Tuesday, June 2, 2020

across maryland and virginia, suburban protesters speak out against police brutality

All over the United States, people have taken to the streets to protest police brutality against Black people after George Floyd was killed in Minneapolis last week. Many of these demonstrations have taken place in center cities, including here in downtown DC. Yet suburban communities in Maryland and Virginia have stepped up as well.

Protesters kneel while blocking Germantown Road at a protest on Sunday. Photo by Rachel Taylor.
Protests started in the DC area on Friday, after two days of rioting in Minneapolis following George Floyd’s death on May 27 (One officer has been charged with third-degree murder and manslaughter in connection with Floyd's death). Since then, there have been demonstrations around the White House every afternoon. The first suburban protest may have been Saturday evening in Manassas, a community in Prince William County with a large Latinx population, a long history of harassing immigrants, and a history of protest.

Demonstrators blocked Sudley Road, a state highway lined with big-box stores and shopping centers. Tweets from the protest show a line of people in a standoff with police, peacefully holding posters. As in cities around the nation, police responded with violence. Twitter user Tony posted photos of police tear-gassing and shooting rubber bullets at the crowd.

Additional demonstrations followed on Sunday. In Germantown, protestors blocked Germantown Road, a six-lane highway like Sudley Road, for several hours. In Leesburg, there was a peaceful protest outside the Loudoun County courthouse, where a Confederate memorial remains standing. In Arlington, protesters kneeled in Shirlington before marching three miles to the Ballston Metro station. And in Silver Spring, roughly 50 people held an impromptu march along Georgia Avenue, stopping in front of Woodside United Methodist Church to hold signs.

At some protests, including Manassas and another one in Stafford County, police openly antagonized peaceful demonstrators. But at other suburban events, police cooperated with protesters. In Germantown, police intervened only to keep protestors from walking down an on-ramp to I-270. A viral tweet from Curtis Kill shows Montgomery County police officers talking to demonstrators and even kneeling with them.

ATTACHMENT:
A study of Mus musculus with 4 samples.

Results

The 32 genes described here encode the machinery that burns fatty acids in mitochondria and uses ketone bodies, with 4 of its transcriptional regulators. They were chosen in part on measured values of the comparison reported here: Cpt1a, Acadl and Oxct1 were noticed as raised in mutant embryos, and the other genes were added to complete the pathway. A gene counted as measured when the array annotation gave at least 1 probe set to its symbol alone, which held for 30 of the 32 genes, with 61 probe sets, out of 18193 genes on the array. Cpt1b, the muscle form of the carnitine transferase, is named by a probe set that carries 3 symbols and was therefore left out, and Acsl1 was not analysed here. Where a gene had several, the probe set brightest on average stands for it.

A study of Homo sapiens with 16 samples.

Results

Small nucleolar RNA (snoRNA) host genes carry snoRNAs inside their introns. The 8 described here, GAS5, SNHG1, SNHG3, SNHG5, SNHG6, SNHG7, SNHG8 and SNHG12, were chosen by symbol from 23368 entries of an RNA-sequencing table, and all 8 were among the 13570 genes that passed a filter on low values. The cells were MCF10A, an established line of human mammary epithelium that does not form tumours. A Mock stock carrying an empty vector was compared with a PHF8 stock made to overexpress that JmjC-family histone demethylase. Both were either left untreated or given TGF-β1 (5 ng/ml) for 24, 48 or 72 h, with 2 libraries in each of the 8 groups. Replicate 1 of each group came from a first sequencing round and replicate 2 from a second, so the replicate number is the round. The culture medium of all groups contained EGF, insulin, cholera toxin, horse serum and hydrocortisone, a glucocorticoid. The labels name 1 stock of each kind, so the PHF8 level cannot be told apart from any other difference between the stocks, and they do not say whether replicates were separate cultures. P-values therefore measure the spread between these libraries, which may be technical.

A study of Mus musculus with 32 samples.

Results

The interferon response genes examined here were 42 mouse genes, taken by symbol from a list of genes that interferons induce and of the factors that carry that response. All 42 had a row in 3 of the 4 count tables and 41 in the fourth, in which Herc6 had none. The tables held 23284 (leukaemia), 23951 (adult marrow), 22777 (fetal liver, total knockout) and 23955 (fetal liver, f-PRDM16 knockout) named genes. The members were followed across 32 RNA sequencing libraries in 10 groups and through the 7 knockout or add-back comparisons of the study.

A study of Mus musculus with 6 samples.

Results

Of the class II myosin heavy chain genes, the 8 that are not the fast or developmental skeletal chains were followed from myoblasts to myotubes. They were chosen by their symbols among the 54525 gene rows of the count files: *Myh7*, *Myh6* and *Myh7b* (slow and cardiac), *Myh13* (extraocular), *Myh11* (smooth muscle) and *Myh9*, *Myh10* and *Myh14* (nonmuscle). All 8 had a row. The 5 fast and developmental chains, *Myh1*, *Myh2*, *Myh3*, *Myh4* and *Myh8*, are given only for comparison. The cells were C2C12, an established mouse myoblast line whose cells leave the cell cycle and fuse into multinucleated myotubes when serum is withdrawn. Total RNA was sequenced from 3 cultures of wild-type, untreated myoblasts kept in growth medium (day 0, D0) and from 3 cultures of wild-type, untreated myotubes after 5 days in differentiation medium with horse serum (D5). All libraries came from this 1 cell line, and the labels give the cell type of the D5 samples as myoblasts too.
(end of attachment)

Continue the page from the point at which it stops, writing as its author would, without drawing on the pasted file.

On Monday, students held a protest in Gaithersburg, led by Magruder High School student Nicole Badobre. When a white man attempted to disrupt the protest by yelling “All Lives Matter,” the crowd grew agitated, and police officers ushered the man away to deescalate the situation. Bethesda Beat reporter Caitlynn Peetz captured a video of Badobre patiently explaining to the man why he’s wrong.

Where we protest is the message

While many Maryland and Virginia residents headed downtown to protest this week, others chose to stay closer to home. Some may have lacked access to transportation (especially as Capital Bikeshare and Metro shut down service) and others wanted to send a message to local leaders. A Twitter post shows additional protests planned in Montgomery County this week, including in Bethesda on Tuesday and Rockville on Friday.

“This is not ‘urban’ unrest,” tweeted Willow Lung-Amam, an urban planning professor at the University of Maryland. “Its unrest among Black people & communities that cut across city, suburban, & rural lines.”

One key difference with suburban protests is that students play a large role. In 2014, the Minority Scholars Project, a group of Montgomery County Public Schools students who advocate for racial equity, marched on the county courthouse in Rockville to protest the achievement gap. Following Donald Trump’s election in 2016, students at several Montgomery County high schools walked out of class, demonstrating (among other places) atop a parking garage at Wheaton Plaza. Students across the region walked out of class again in 2018 for the March for Our Lives against gun violence, which culminated in a rally at the US Capitol.

Another difference is where suburban protests occurred. Some communities like Leesburg have a historic public square that was designed for assembly and free speech. In the White Oak area of Montgomery County, people gathered to honor Black people killed by police at a local park.
But in newer places like Germantown and Manassas, protests happened on big roads that are designed for moving lots of cars but are the most prominent space in the community. The Gaithersburg protest happened at Rio and Crown, two adjacent “town centers” with an artificial lake, restaurants, and new homes selling for upwards of $400,000. Rio and Crown are a popular hangout, and even though the streets and plazas there are privately owned, they effectively function as public spaces.

What happens next?

The past two days of suburban protests have given thousands of people the chance to peacefully speak out against racism and police brutality. I can only hope that these will lead to meaningful change, at least at the local level. Already, Montgomery County Councilmember Will Jawando will introduce legislation declaring racism a “public health emergency”, citing the pervasive impact of racism on everything from transportation to health care. Yet it’s unclear where we go next. Here in Montgomery County, residents are demanding reforms after police fatally shot a Black man named Finan Berhe last month outside his home in White Oak.

Meanwhile, vandalism in Silver Spring and looting in Friendship Heights have only put people more on edge. I’m proud of my suburban neighbors for stepping up this weekend. I just hope that we can keep it up, peacefully, and actually push for meaningful change for people of color here and around the country.